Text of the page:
The Kindergarten is a carefully structured environment which aims to nourish the creative faculties of the young child and provide meaningful opportunities for personal and social learning.
Our curriculum is informed by an understanding of the developmental needs of the young child. Time is given for the child to unfold at their own pace. Teaching is by example and learning is integrated rather than subject based.
Steiner Waldorf Kindergarten’s identify rhythm as an important educational principle. Children need the reassurance of continuity and regular events punctuate the Kindergarten year, week and day. Seasonal activities provide the theme for our songs, stories, poems and crafts as we follow the cycle of the year celebrating what each day brings.
The week has its own regular rhythm of recurring activities such as baking or painting, which helps the child to orientate themselves in a familiar pattern of events. We are a community of ‘doers’ and our work is a combination of practical and artistic activity. We clean, cook and garden. We bake bread together and prepare our food. We look after our friends and our environment, mending toys and polishing the table. Children love to help and develop a wide range of motor skills through engaging in such activities.
The presence of a working adult creates an atmosphere which helps the children to become independently active in their own play. Creative play is an essential ingredient to everyday, allowing the child to learn through investigation, exploration and discovery.
The structure and security of the Kindergarten forms the foundation for emerging self-confidence, building a bridge between home and the world outside, and laying the foundation for a healthy social life.
Baking Day in Kindergarten
It is Monday, and today it’s a baking day activity. After the children have hung up their coats and put on their slippers they come into the room and join their teacher who is already beginning preparations for bread making. The younger children often join in this activity, helping to stir the yeast in the jug of warm water or making flour pictures on the table. The older children often measure out the ingredients and mix the dough once the yeast is ready.
Some of the children are already in play, setting up home or creating a landscape inspired by natural materials such as silk cloths, pine cones and shells, arranged in their familiar baskets. The children move around the room independently, resourcing their play from their own imagination and planning the game with their friends. The teacher observes, supporting the flow of creative play through a combination of focused attention to her work and mindfully responding to what is unfolding in the room. Social integration is practised through play and sharing their experience of the world with each other.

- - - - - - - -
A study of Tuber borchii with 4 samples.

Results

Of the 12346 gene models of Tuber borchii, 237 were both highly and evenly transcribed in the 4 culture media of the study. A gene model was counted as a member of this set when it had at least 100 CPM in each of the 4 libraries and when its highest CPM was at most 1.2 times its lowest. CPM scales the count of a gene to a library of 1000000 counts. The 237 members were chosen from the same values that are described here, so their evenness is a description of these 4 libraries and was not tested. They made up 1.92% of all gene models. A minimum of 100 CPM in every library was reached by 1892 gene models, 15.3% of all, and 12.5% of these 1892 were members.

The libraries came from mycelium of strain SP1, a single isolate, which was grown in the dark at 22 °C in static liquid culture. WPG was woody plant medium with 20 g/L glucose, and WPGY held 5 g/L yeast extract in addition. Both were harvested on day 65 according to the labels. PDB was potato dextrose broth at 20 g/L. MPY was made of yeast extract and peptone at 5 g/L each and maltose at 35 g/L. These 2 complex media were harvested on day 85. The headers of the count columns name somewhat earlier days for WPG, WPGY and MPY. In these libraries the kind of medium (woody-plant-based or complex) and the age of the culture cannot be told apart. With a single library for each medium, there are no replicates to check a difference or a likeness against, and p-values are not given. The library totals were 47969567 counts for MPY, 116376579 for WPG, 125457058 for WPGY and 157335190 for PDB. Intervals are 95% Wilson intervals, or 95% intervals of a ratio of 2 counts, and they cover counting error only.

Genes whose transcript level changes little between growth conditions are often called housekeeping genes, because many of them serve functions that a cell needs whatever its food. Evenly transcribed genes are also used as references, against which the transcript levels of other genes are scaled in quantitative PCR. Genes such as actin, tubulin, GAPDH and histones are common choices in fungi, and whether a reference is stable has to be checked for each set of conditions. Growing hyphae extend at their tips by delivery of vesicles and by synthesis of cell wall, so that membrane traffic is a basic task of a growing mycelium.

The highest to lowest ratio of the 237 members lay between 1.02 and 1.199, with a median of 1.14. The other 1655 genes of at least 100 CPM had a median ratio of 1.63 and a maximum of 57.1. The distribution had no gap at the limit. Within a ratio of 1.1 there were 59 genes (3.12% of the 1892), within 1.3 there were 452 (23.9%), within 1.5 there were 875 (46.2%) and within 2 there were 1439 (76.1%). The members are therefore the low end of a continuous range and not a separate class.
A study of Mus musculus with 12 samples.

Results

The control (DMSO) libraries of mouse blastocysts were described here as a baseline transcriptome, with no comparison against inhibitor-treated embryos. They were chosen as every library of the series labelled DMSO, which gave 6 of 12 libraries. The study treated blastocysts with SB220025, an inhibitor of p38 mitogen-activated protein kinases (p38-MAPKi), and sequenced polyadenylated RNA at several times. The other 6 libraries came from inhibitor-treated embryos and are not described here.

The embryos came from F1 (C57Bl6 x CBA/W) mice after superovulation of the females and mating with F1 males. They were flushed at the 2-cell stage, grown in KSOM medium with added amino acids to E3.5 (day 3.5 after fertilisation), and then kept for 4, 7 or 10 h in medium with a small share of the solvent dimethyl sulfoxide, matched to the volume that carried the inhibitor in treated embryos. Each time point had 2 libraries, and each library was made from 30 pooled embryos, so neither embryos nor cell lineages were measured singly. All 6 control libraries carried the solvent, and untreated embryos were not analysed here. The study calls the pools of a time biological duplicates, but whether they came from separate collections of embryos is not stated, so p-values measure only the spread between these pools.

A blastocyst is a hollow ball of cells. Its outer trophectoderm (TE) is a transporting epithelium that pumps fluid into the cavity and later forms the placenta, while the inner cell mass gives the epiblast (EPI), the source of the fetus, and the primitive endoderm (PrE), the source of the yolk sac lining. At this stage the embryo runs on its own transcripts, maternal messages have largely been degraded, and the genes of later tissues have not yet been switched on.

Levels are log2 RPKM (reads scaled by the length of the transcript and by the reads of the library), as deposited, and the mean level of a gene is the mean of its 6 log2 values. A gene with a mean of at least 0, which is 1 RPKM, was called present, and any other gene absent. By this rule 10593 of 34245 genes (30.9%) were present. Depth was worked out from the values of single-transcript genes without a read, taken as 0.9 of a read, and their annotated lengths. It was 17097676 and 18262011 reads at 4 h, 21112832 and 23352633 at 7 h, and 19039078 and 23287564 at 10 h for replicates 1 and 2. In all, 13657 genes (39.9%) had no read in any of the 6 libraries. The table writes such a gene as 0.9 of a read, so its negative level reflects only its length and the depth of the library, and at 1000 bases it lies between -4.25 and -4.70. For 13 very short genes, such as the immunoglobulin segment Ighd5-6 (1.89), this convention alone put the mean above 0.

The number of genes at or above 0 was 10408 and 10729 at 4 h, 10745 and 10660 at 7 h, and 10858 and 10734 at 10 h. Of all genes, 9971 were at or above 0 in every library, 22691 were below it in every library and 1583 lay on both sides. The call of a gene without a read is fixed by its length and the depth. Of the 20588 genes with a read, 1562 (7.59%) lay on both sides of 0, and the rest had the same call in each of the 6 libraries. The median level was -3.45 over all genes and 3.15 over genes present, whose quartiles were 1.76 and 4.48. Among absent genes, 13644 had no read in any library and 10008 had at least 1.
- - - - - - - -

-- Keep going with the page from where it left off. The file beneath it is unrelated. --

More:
The children wash their hands, put on their aprons and it is time to make the bread. We lay the table and some children distribute the raisins and sunflower seeds. The teacher sings the familiar baking songs as she begins to share out the dough. We work from the whole group experience to the individual one, and soon everyone is busy making their own creation.
Tidy Time 10.30am
The teacher gives the children some warning that it is nearly time to tidy away, so not to wrench them unsuspecting from their busy imaginary worlds. Tidy Time is an integral part of the morning’s activity. We work together to return everything to its rightful place. The teacher is mindful of how she tidies and the children imitate her gesture.
Ring Time 10.45am
Once the bread is in the oven and the table tidied, we gather on the carpet for Ring Time. We sing seasonal songs, play games, dance, move and sometimes begin to prepare for activities that are coming up. For example, we practise walking with our pretend lanterns before we have our real ones at Martinmas, or practise dipping candles in preparation for Candlemas.
Snack Time 11am
After the children have been to the toilet and washed their hands, we eat our snack together. It is always rice on baking day. The children quickly orientate themselves in the week by living with familiar patterns that are experienced rather than discussed.
We say a blessing and light a candle before eating together. One child is the waiter and takes the food around, another child hands out the spoons. We listen and we are heard in a social gathering.
Play Time 11:30am
Now it is time for the children to go outside, which is part of every Kindergarten day. The children play, run, climb, sweep the leaves or help with the gardening. It is a time to test our physical limits, stretch our limbs and develop new skills. We often go for walks exploring the nearby woods and streams. The children are dressed for the weather and we really test the capacities of our outdoor clothes!
Story Time 12:40pm
The day closes with story time. A story is told, sometimes presented as a puppet show. Stories are carefully chosen and repeated many times, gradually becoming embedded in the child’s imagination.
Home Time 1pm
We sing our home time song and the children are handed back to their parent or carer. They take with them the bread roll they have made in a paper bag.